Oh, boy. This is gonna be fun.
The Short Order bloggers decided it's high time we gave the slapdown to some Miami eateries that charge too much, serve bland eats, pay more attention to their decor than the diners, and generally put a bad taste in our mouths, literally and figuratively speaking.
Want to join in the fun? Send your
nominations to firstname.lastname@example.org.
To get things rolling, let's skewer Philippe and Mr. Chow.
Let's begin with the prices they charge: an average of $30 per person for an entrée is otherworldly and entirely unjustifiable. If the food was of The Restaurant at the Setai- or Hakkasan-status, maybe we'd understand. But when Philippe pumps out dishes like the "oh-so popular" toxic-orange chicken satay appetizer that Riki Altman suspects is made with Cheetos, to pay $18 for food of this caliber is a flat-out insult. Especially when more than one diner has reported that their chick-on-a-stick arrived to the table lukewarm, at best.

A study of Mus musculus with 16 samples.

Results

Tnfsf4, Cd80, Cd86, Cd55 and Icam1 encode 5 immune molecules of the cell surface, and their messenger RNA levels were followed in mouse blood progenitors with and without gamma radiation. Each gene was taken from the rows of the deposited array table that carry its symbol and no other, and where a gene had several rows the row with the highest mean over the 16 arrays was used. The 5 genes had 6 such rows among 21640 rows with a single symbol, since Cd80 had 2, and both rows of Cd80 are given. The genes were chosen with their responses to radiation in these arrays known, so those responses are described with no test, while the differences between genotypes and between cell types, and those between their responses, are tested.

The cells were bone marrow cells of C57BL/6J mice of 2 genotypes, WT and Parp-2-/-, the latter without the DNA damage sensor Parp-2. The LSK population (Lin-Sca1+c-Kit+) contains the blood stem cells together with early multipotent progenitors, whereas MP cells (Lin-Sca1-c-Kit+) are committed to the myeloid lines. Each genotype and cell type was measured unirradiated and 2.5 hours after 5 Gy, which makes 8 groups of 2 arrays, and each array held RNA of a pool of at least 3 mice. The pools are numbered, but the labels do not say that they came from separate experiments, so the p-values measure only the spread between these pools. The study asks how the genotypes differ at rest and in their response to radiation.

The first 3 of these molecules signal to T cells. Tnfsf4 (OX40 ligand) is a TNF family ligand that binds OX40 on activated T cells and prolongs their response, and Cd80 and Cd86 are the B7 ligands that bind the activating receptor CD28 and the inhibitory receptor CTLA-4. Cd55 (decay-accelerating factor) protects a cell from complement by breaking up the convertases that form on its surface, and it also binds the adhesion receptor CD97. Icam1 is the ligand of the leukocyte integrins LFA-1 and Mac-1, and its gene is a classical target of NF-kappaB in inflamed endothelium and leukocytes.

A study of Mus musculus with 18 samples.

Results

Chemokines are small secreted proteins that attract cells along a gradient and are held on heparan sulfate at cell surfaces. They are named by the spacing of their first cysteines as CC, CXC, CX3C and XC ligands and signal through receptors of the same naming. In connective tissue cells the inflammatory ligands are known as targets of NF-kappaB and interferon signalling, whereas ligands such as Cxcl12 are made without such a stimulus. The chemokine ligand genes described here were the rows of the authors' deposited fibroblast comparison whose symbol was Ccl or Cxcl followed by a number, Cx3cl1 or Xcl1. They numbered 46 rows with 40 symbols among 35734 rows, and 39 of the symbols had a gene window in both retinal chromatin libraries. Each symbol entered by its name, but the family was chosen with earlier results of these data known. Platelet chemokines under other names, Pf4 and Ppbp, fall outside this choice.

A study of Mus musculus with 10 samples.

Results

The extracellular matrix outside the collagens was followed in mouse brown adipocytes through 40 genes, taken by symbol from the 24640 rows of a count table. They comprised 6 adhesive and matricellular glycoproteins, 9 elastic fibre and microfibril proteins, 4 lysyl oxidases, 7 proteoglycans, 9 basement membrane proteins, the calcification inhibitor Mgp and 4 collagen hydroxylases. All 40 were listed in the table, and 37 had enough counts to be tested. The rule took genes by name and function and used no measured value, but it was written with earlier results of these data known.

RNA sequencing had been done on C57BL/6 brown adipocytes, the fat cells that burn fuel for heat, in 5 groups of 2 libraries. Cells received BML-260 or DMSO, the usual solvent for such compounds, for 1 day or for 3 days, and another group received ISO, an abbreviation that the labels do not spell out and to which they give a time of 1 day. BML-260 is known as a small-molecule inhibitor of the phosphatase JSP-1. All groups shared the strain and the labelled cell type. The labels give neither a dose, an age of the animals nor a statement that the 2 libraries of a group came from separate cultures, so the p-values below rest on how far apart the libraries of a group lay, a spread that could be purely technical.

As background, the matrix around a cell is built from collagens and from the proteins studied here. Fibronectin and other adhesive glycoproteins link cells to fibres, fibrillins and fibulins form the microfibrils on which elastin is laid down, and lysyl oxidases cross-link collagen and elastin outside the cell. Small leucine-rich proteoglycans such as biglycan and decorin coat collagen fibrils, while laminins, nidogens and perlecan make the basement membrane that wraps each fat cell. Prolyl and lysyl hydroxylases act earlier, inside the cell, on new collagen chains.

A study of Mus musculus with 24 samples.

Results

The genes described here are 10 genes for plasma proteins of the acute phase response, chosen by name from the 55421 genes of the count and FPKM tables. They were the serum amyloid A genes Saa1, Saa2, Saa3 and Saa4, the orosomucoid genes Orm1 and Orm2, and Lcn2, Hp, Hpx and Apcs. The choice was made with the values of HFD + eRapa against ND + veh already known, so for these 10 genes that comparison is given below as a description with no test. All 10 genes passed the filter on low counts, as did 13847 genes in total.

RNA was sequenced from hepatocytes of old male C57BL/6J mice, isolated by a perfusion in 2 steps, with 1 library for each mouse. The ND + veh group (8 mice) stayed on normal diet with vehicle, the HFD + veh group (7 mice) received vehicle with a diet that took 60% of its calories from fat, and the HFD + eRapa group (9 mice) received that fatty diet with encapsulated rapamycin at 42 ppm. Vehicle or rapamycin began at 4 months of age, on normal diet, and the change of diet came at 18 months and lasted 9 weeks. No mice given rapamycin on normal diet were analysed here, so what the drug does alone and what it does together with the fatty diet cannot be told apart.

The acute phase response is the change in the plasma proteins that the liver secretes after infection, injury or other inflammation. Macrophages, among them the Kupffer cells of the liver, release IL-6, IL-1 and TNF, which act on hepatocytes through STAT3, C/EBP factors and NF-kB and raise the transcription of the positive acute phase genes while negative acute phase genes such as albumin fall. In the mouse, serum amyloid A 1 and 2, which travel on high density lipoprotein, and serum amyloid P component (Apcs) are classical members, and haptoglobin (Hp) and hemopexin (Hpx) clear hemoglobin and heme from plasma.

And really, do the martinis really need to be $19? It's not like we're getting a lap dance and a pile of shrimp chips with our Stoli.
Sure the décor is beautiful at both places and, yes, scenesters can still be found milling about (many can't even afford to eat dinner so they settle for a cocktail and share an app between friends), but we think South Beach would be best served without their overpriced duck dishes and snobbish service.
For our money, we'd rather have takeout from Tropical Chinese. We could suck down two entrees and two appetizers for the price of one appetizer and a drink those South Beach prissy favorites. Then we'll still have a few bucks and the time to head downtown for all the scene we want, sans snobbery.